Scheduled Loss Awards in Workers' Comp

Many states pay awards for injuries to specific body parts, such as an arm or leg.

Workplace accidents can cause amputations, restrictions on mobility, and other serious injuries. If you have lost partial or total functional use of a body part, you may be eligible for a scheduled award through workers’ comp. (For other types of benefits, see our page on workers’ compensation benefits.)

What Is a Scheduled Loss Award?

Most states have a schedule of injuries in their workers’ compensation laws. This is a chart that lists and values injuries that involve the loss of use of a body part or sense (such as hearing or vision). When you lose the use of a listed body part, workers’ comp refers to this as a scheduled or specific loss. Most states’ schedules include the loss of vision or hearing or the loss of use of an arm, leg, hand, foot, finger, and toe. However, some states include other types of injuries. For example, New York includes scarring and disfigurement on its schedule, and Connecticut includes various organs, such as the lungs, heart, and liver.

In most states, a scheduled or specific loss can occur with or without a work-related amputation. For example, a crush injury may not result in your hand’s amputation, but may prevent you from gripping, grasping, and holding items. In most states, this inability to use your hand will qualify you for scheduled loss benefits.

In general, you must reach maximum medical improvement (MMI) before you are eligible for a scheduled loss award. You reach MMI once your medical condition has stabilized and your doctors do not believe there will be any additional improvement. Once you reach MMI, your doctor will assign you a permanent disability rating. If your injury appears on the state schedule, you will receive a scheduled loss award.

How Much Will I Get for a Scheduled Loss?

Workers’ compensation is state-based, meaning that your benefits will vary depending on where you live. However, you typically will receive a set weekly amount for the number of weeks set out in the schedule of injuries. In many states, this amount is two-thirds of your average weekly wage. Scheduled loss awards are usually paid even if you’re able to return to work immediately.

The value of a scheduled loss varies from state-to-state. For example, the award for the loss of an arm is as follows:

  • Illinois: 253 weeks
  • Maryland: 300 weeks
  • Michigan: 269 weeks
  • New York: 312 weeks
  • Ohio: 225 weeks, and
  • Virginia: 200 weeks.

In several states, you can receive compensation for a partial loss. If you suffer a partial loss of a scheduled body part, you will receive that percentage of the listed award. For example, if your doctor assigns a 25 percent loss of use of your arm in New York, you would receive 78 weeks of scheduled loss benefits.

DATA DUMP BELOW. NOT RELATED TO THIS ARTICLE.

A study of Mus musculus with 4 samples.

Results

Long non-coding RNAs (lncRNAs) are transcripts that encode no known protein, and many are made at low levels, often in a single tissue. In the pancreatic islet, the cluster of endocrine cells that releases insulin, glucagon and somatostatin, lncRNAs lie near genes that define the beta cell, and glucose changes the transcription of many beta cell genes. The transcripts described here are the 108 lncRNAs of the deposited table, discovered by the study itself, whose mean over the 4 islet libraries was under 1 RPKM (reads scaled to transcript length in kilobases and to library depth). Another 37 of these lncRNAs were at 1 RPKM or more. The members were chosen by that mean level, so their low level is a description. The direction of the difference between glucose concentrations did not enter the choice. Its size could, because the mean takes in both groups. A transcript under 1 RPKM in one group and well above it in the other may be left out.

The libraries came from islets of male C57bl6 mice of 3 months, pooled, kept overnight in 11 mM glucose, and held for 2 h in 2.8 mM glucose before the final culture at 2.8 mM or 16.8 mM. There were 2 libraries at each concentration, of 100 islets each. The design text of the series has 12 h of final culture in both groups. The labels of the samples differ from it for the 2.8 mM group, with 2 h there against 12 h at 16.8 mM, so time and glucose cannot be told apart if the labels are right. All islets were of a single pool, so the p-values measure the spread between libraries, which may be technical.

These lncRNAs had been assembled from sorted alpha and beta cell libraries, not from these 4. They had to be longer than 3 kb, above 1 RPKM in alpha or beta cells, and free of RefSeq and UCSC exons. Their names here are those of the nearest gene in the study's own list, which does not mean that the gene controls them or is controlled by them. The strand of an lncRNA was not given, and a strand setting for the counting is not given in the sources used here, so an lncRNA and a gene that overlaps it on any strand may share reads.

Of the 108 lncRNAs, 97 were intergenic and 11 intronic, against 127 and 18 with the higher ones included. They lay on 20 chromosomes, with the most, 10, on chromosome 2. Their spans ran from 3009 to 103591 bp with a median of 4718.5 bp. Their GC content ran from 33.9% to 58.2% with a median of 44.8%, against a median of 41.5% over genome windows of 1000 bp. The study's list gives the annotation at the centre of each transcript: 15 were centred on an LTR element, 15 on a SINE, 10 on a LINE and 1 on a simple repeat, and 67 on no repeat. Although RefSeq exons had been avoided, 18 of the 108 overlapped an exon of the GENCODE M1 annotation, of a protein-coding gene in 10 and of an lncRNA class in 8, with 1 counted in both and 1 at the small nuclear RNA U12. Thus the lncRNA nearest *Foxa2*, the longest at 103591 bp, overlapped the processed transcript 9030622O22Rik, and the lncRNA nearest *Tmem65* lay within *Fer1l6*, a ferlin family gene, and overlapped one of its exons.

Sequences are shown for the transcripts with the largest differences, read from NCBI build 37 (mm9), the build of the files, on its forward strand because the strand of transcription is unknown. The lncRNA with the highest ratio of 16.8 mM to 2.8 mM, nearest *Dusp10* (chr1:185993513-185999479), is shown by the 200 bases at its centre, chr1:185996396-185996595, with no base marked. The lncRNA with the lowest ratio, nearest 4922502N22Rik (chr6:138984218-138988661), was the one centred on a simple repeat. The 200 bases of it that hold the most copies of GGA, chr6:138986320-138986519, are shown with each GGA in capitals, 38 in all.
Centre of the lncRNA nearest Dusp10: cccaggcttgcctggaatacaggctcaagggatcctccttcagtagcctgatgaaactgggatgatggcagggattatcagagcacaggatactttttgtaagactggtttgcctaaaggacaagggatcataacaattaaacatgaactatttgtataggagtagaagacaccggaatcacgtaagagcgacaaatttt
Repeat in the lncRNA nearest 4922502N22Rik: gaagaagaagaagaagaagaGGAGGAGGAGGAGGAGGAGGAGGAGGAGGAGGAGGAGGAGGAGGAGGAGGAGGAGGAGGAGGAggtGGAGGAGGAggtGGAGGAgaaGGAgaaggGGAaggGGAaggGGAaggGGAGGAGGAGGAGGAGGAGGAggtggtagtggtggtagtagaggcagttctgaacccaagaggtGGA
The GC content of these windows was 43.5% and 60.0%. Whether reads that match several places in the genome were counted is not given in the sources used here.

A minority of states, including Washington, list specific dollar amounts for scheduled losses instead of weeks of payment. In these states, you will receive a lump sum award according to the amount listed in the schedule.

In some states, your scheduled award may be reduced by the number of weeks (or amounts) that you have already received temporary total disability benefits.

Does Every State Offer Scheduled Loss Awards?

The majority of states offer scheduled loss awards to eligible workers. A small number of states do not have a schedule of injuries—including California, Florida, Nevada, and Texas. However, this doesn’t mean you won’t receive compensation for the loss of use of a body part in these states: You may still be eligible for an unscheduled award (described below). In some states, you may be eligible for an unscheduled award if you’re still unable to earn your normal wages after your scheduled loss award runs out.

What Is an Unscheduled Loss?

Not all injuries are listed on a state’s schedule. For example, if you have a work-related back, lung, or brain injury, you are not eligible for a scheduled loss award in most states. However, you may still be entitled to other workers’ comp benefits, sometimes called “wage loss benefits” and “permanent disability benefits.” Your right to benefits may depend on whether your state bases eligibility on your level of impairment or wage loss.

  • Impairment-based approach. In impairment-based states, you may be eligible for permanent partial disability (PPD) benefits if your injury causes a permanent limitation. In these states, a doctor will examine you after you reach MMI and assign an impairment rating expressed as a percentage of disability. You will receive PPD benefits based on this impairment rating, depending on how many weeks your state assigns to a 100% impairment. For example, if your state pays 600 weeks of benefits for a “whole body impairment” and you are assigned a 10% impairment rating, you will receive 60 weeks of benefits.
  • Wage loss approach. In wage loss states, you must show that your medical condition prevents you from earning your normal wages before the injury. If you are able to return to work and earn your full wages, you will not receive wage loss benefits. States calculate wage loss differently. Some states base benefits on actual wage loss (your lost earnings at the time of the award), while others calculate your lost wage-earning capacity (what you are capable of earning in the future, based on your training and work experience).

These two systems can lead to different results. For example, suppose a worker suffers a head injury, causing memory and concentration problems. However, her employer has simple work that she is capable of performing. In an impairment-based state, she may be eligible for PPD benefits if her doctor assigns an impairment rating (regardless of her ability to work). In a wage-loss state, she will only be eligible for a wage loss benefits if she earns less at the new job or is expected to suffer a decrease in earning capacity in the future.